News / Call for daily freight sailings to boost capacity

NorthLink freight boat Hildasay.

THE LOCAL seafood industry has called on the Scottish Government to introduce a daily freight service between Shetland and Aberdeen after over £2 million worth of fish was left in Lerwick this week because there wasn’t enough space on the NorthLink ferries.

A number of trailers of fresh salmon had to be left in Shetland on Monday and Tuesday night – as well as on one occasion in late August – before being shipped south the following day.

The industry, which has an estimated annual turnover of over £350 million, has also released a video highlighting the importance of freight services to and from the isles.

Following a Stewart Group Meeting with transport providers and Transport Scotland on Wednesday, the industry said the Scottish Government – which pays Serco NorthLink to operate the Northern Isles routes on its behalf – needs to do more to support local businesses.

Transport Scotland said in response that it continues to “review all possible mitigation options, including flexing timetables as and when appropriate, being mindful of the cost to the public purse”.


Shetland MSP Tavish Scott, meanwhile, said that “this just cannot go on” and suggested that hiring in freight ships could be an option.

Seafood Shetland chief executive Ruth Henderson praised NorthLink’s “valiant efforts” in accommodating the isles’ seafood, but she said the next Northern Isles ferry contract – due to be in place for November 2019 – needs to go one step further.

Exports from Shetland are expected to increase even further in the coming years when new, larger fish markets in Lerwick and Scalloway are built.

“For the new contract it is imperative that the Scottish Government sources vessels that are designed to cope with the weather on the route and meet our growing freight requirements – both inbound and outbound,” she said.

“We believe that these ships should be fast moving and provide a daily and timely service between Aberdeen and Lerwick with equivalent replacement vessels brought in to cover any dedicated dry-dock periods.”


Davie Sandison, company secretary of the Scottish Salmon Producers’ Organisation, said he was pleased to hear first minister Nicola Sturgeon’s recent pledge to promote Scotland’s exports to the world.

But he said there was a “chronic shortage of freight capacity at certain times, currently intensified by the peak in livestock transportation from Orkney”.

“Unless the current situation is addressed, Shetland’s economy will continue to suffer and the potential for stepping up Scotland’s exports will be undermined,” Sandison added.

The industry said in August Shetland had 24 weekly passenger and freight sailings, compared to 133 to and from Orkney.


They said this was “compounded” by a number of these being shared with Orkney.

There is no freight provision on Tuesday nights from Lerwick, and from now until 20 October there is no freight vessel on Monday nights – one of the busiest days for seafood traffic.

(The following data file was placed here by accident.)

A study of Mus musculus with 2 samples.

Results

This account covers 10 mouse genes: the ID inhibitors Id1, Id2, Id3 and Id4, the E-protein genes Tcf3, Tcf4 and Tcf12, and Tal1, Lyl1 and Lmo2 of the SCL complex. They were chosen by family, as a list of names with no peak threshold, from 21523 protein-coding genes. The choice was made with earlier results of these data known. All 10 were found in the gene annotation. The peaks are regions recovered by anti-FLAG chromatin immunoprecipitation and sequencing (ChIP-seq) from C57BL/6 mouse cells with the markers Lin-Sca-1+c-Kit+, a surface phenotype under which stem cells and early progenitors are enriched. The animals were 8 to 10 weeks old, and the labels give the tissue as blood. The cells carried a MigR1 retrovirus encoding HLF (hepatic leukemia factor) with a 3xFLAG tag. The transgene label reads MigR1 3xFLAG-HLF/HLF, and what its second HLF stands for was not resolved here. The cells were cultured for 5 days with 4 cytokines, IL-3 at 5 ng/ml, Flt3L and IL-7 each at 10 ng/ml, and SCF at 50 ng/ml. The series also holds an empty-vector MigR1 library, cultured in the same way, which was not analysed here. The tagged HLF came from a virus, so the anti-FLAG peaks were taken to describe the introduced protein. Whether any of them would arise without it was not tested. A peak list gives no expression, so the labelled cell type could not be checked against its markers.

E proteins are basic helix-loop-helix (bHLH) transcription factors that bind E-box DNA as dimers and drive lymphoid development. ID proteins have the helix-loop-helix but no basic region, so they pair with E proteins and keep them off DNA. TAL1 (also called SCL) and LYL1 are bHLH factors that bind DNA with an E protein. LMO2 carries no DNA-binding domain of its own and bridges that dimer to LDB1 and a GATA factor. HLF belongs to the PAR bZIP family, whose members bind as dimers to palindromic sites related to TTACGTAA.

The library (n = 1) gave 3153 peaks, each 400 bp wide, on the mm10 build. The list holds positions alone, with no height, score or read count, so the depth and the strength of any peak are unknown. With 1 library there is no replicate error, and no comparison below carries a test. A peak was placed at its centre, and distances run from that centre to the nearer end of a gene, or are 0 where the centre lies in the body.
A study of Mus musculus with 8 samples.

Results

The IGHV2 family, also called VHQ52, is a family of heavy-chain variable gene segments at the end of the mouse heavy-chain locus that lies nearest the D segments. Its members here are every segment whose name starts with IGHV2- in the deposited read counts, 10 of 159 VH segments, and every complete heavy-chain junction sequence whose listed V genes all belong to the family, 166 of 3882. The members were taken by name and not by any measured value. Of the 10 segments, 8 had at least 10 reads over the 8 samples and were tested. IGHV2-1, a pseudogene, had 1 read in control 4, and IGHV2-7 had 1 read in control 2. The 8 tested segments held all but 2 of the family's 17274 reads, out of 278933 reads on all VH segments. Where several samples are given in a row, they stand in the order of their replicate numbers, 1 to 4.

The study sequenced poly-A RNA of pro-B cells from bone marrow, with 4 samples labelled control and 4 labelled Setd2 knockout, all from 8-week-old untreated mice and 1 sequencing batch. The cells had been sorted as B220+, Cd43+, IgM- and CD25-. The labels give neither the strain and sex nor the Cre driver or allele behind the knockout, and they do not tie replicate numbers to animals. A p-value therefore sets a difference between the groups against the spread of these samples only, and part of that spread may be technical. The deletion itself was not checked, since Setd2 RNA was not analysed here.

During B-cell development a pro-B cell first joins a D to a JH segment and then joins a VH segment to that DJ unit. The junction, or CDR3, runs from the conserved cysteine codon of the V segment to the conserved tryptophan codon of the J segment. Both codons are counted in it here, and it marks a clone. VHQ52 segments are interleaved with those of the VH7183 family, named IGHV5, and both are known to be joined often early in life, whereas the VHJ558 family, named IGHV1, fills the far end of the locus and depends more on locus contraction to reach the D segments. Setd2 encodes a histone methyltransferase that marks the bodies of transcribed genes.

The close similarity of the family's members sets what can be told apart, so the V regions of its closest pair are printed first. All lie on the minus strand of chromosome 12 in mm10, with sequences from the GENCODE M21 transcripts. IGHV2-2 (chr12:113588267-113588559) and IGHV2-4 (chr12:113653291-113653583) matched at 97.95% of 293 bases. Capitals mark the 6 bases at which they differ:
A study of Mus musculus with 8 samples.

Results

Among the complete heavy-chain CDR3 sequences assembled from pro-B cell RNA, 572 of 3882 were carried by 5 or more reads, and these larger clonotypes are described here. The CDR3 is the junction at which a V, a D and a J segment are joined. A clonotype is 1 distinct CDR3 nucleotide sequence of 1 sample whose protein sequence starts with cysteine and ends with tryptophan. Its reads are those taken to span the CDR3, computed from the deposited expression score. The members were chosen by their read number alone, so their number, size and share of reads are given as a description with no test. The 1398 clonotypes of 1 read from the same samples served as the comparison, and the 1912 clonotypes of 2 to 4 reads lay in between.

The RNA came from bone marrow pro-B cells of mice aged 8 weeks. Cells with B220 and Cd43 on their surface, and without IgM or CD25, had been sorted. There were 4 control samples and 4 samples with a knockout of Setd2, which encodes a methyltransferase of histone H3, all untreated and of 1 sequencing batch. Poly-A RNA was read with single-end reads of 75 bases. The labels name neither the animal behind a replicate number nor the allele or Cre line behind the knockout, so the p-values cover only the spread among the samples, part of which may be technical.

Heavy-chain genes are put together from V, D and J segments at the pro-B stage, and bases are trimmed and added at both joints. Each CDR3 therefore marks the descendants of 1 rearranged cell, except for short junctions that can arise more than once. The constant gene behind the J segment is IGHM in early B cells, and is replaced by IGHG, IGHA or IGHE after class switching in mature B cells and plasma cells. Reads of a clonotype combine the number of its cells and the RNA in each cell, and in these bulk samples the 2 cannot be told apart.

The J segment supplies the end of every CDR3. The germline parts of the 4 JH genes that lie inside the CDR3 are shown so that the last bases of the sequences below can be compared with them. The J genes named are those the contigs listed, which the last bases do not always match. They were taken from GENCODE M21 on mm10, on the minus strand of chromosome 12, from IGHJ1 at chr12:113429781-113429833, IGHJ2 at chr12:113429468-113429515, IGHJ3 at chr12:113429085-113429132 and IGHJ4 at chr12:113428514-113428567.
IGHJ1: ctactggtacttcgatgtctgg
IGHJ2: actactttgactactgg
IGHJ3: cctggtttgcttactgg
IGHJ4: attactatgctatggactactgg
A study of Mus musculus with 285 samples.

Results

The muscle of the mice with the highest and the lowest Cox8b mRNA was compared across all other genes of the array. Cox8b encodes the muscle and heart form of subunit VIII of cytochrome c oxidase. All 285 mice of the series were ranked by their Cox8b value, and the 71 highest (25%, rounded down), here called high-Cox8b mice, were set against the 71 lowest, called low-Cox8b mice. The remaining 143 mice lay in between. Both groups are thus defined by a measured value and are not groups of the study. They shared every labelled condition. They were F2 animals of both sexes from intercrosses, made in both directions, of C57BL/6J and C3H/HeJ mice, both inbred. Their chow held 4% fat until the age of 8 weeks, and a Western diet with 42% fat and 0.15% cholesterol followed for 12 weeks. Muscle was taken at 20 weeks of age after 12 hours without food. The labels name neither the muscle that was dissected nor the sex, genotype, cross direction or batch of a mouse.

This means that cargo has to go on the passenger ferries, where space is limited.

Sheila Keith, policy officer at Shetland Fishermen’s Association, added: “The current freight service vessels are unable to meet sailing schedules during the winter months, exacerbating the challenges of delivering fresh seafood to customers and leading to reputational damage for the industry in Shetland and financial loss for individual businesses.”

MSP Scott, meanwhile said the Scottish Government needs to “step in and sort this out”.

“We simply cannot see a repetition of fresh products not being shipped because of a lack of capacity,” he said.


“As someone observed today, this is worse than Brexit. The Scottish Government want to promote a food export strategy. Quite right too. But they cannot do that unless they provide a freight service from Shetland that gets seafood to the market. This needs sorting right now.”

The matter was also raised at Wednesday’s external transport meeting in Lerwick, where Northward’s Neil Leslie said things were at a “crucial stage”.

“I think Transport Scotland maybe need to dip in their pockets and do something,” he said.

Streamline boss Gareth Crichton added that there could also be capacity concerns for other industries, such as the energy, construction and retail sectors.

A spokesman for Transport Scotland said: “We recognise the challenges faced by the agricultural and seafood sectors on both Shetland and Orkney and hold regular meetings with industry representatives and hauliers through established forums. We also discuss freight and service issues with Serco NorthLink Ferries.

“We will continue to review all possible mitigation options, including flexing timetables as and when appropriate, being mindful of the cost to the public purse. Measures to improve the flexibility of services will be considered as part of the next Northern Isles ferry services contract.”